CBSET, a not-for-profit preclinical research institute dedicated to biomedical research, education, and advancement of medical technologies, recently announced that its scientists have published data and analyses (“Sustained Efficacy and Arterial Drug Retention by a Fast Drug-Eluting, Cross-Linked Fatty Acid Coronary Stent Coating”) which “suggest a new paradigm whereby the safety of drug eluting stents can be optimized through the use of resorbable biocompatible coating materials with resorption kinetics that coincide with the dissociation and tissue elimination of receptor-bound drug.” The study is published online by Annals of Biomedical Engineering, a publication of the Biomedical Engineering Society (BMES).
“The conventional wisdom – that sustained drug elution from stent coatings over the course of weeks or months is required for clinical efficacy – has dramatically restricted the options for stent coating materials,” said Dr. Tzafriri, co-first author on the paper. “Based on these data, we can assert that this presumption is no longer true.”
”We hypothesized that receptor-mediated drug retention provides a mechanism by which stent coating compositions that degrade rapidly can still deliver controlled volumes of drug without loss of biological effect and at reduced periods of tissue vulnerability,” said Dr. Natalie Artzi, assistant professor at the department of Medicine, Brigham and Women’s Hospital, and a researcher at the Institute for Medical Engineering and Science at MIT, and co-first author of the paper.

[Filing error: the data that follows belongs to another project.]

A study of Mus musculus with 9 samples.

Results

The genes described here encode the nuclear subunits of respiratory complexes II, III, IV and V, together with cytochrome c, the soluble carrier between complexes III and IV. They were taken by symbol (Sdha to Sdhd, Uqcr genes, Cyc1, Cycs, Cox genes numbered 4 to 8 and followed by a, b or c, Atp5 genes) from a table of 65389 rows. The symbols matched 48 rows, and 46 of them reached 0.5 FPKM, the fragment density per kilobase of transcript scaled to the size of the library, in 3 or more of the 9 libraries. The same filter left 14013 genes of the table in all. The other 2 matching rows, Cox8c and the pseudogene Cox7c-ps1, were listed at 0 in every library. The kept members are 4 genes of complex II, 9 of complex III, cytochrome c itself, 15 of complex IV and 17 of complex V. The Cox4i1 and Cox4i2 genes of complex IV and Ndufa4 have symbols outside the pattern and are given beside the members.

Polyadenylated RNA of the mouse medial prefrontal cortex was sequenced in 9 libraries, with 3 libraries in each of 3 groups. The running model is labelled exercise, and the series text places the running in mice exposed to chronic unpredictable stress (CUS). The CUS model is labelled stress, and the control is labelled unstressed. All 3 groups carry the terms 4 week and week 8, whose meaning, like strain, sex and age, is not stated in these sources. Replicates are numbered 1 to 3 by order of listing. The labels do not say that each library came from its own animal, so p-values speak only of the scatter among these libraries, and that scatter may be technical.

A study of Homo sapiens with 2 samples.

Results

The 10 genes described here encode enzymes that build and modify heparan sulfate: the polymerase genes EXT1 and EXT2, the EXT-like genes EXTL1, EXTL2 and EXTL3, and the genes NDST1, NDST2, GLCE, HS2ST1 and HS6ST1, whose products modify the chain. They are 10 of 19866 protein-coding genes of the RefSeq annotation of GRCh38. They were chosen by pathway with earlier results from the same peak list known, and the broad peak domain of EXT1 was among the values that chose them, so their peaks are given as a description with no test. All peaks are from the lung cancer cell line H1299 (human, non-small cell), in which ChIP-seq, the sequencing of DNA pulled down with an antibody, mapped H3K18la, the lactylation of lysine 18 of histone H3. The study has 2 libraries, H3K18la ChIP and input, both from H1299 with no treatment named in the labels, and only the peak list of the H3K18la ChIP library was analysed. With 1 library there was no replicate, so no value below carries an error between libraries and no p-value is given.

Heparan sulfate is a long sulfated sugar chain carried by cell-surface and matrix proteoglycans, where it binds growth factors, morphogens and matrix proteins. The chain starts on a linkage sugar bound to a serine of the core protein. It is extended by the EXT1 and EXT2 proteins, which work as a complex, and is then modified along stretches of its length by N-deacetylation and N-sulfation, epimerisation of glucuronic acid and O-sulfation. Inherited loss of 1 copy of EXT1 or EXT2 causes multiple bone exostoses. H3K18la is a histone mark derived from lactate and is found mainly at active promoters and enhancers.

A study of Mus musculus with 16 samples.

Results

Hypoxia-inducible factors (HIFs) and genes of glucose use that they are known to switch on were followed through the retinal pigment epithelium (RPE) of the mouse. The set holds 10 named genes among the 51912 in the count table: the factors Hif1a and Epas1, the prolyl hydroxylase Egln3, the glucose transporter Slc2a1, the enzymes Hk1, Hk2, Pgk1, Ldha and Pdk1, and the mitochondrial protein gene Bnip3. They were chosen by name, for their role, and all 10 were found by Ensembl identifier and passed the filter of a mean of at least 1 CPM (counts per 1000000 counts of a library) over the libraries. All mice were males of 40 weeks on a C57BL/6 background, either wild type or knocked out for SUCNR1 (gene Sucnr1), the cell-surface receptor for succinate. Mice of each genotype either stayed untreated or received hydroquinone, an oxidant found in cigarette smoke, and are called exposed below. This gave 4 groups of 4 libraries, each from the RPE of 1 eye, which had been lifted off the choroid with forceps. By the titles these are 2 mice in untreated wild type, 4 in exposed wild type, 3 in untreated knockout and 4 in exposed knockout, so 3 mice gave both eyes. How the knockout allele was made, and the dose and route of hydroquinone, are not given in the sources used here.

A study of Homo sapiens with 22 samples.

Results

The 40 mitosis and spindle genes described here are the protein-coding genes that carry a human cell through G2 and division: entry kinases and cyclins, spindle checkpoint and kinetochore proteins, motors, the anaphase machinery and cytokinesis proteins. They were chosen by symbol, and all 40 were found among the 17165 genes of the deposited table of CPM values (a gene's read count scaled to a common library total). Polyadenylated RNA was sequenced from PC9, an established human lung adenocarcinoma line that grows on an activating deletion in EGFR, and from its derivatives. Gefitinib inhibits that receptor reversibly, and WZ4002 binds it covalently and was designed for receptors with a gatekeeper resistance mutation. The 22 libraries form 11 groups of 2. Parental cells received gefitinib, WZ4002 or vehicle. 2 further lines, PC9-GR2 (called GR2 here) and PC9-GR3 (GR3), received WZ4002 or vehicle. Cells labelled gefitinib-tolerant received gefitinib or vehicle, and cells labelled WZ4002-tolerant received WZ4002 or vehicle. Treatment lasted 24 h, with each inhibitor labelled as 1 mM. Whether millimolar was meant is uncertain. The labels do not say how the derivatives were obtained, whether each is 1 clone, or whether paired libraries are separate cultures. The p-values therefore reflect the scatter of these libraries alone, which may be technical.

“We developed and evaluated a cross-linked omega-3 fatty acid (O3FA)-based coating that is 85 percent absorbed and elutes 97 percent of its Sirolimus analog (Corolimus) load within eight days of implantation. This fast absorption allows for implanted stent struts to be quickly endothelialized, thereby reducing the risk of late stent thrombosis with minimal and stabilizing late-lumen loss,” said Dr. Keith Faucher, co-author and Director of Research and Analytical Chemistry at MAQUET Vascular Systems (formally Atrium Medical Corporation).
“This study represents a significant medical milestone in the ongoing development of therapies to treat coronary artery disease,” added Elazer Edelman, M.D., Ph.D., chairman and co-founder of CBSET, and senior author of the paper. “Now, the composition of Sirloimus-eluting stent (SES) coatings can be designed for optimal biocompatibility and bioabsorption rather than drug-elution alone,” said Dr. Edelman. “This paradigm shift creates an opportunity for the pharmaceutical and medical technology industries to use a range of biocompatible materials that may not have otherwise been considered.”
In addition to being published in the latest issue of Annals of Biomedical Engineering, the study results were presented by Dr. Tzafriri at the scientific workshop, “Next-Generation Medical Stents: Scoping the Future.” (Sept. 4 at the University of Limerick, Ireland.)